Golan Levin and Kyle McDonald have been unwrapping flowers – taking images and stretching them out flat using panoramic software. The results are gorgeous, you can see them all on Flickr. And to celebrate such loveliness I’ve used the images as the icons below. Many delights to be found amidst the links below.
Talking Plants talks plants really well. He’s covered two of my long-held suspicions lately. Firstly, Organic isn’t always the enviro-friendly option – sprays that are supposedly ‘natural’ aren’t always better than manmade chemicals. Everything is toxic in the right concentration. (Article on derris dust). Secondly, we’re just sex slaves to orchids.
John Folsom makes beautiful mixed-media images and his exhibition Lure of the Low Country features intoxicating images with plenty of trees. Other pictorialised plants I’ve fallen for lately include Dan McCarthy’s screenprint and Luigi Benedicenti’s hyper-real plant products.
The beautiful people at Homegrown.org have been busy putting together a series of cute, little how-to cards. Steal ’em, print ’em, share ’em! So far released: Kale Pesto Recipe, How To Save Tomato Seeds, How To Make A Self-watering Container. They’ve also got seed packet templates and adorable labels on the goodies page.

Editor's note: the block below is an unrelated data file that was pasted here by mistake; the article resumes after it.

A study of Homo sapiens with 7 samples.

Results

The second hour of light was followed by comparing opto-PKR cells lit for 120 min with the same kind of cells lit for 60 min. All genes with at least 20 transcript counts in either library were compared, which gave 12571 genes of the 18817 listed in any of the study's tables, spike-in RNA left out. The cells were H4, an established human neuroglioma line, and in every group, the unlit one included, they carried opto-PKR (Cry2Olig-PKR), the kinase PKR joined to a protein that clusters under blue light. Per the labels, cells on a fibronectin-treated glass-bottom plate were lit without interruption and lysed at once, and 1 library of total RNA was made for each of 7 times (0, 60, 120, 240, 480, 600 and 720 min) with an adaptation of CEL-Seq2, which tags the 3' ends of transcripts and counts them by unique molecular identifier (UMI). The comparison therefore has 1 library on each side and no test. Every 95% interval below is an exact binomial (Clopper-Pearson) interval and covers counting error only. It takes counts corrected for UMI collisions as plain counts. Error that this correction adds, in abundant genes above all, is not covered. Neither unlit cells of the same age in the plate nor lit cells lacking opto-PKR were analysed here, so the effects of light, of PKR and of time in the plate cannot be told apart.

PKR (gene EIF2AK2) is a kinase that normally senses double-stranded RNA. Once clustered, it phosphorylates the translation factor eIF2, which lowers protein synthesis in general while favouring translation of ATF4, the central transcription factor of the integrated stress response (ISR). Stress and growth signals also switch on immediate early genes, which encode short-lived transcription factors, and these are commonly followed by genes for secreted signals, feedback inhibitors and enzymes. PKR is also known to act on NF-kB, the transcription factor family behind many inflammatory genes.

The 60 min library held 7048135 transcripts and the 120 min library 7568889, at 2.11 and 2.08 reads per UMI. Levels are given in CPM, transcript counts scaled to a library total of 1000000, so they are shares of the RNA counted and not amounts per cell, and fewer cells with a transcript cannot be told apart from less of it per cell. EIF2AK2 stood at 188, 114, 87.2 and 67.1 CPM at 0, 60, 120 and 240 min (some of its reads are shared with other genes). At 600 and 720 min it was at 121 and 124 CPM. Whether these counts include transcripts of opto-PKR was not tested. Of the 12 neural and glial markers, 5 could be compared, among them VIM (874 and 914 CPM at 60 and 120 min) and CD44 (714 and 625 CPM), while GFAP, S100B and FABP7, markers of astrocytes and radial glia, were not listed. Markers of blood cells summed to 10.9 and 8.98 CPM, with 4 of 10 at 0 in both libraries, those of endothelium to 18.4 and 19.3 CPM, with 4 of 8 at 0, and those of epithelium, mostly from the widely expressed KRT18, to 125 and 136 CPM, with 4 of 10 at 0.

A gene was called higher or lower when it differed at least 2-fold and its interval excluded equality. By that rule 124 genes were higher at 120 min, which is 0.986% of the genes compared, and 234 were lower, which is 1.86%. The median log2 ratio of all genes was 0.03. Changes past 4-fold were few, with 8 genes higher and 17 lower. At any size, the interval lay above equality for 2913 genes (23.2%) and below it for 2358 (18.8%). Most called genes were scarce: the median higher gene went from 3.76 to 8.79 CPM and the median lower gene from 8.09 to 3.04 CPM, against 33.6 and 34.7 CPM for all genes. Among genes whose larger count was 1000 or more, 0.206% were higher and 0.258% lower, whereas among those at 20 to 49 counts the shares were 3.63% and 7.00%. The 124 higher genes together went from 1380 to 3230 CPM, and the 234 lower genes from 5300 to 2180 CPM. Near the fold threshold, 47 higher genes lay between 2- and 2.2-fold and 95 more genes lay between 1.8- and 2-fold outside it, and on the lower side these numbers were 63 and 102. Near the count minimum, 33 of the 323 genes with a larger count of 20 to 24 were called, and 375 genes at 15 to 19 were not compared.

Canada’s University of Guelph is offering Certificates in Sustainable Urban Agriculture and Horticulture. Each programme consists of four online core courses and one online elective. “Learn the strategies that allow your urban space… to become a destination for the growth of plant material that is both sustainable and productive.”
Confused by Biodynamics? Don’t be – a good little intro video via Pete @ Ooooby. Holistic sustainable organic agriculture and horticulture – really, should there be any other kind? Often dismissed for being a bit ‘out-there’, most of the practices are based on sound farming principles developed over 100s of years. More at Biodynamics NZ.
Press release by the International Blackcurrant Association working to make Ribes nigrum the next superfood. There are plenty of good things to say about blackcurrants and I don’t mind them being said – but I do so dislike this horrible ‘Could-do’ marketing employed by the natural health industry. I reckon I’m about a berry-width away from despising the term ‘functional food.’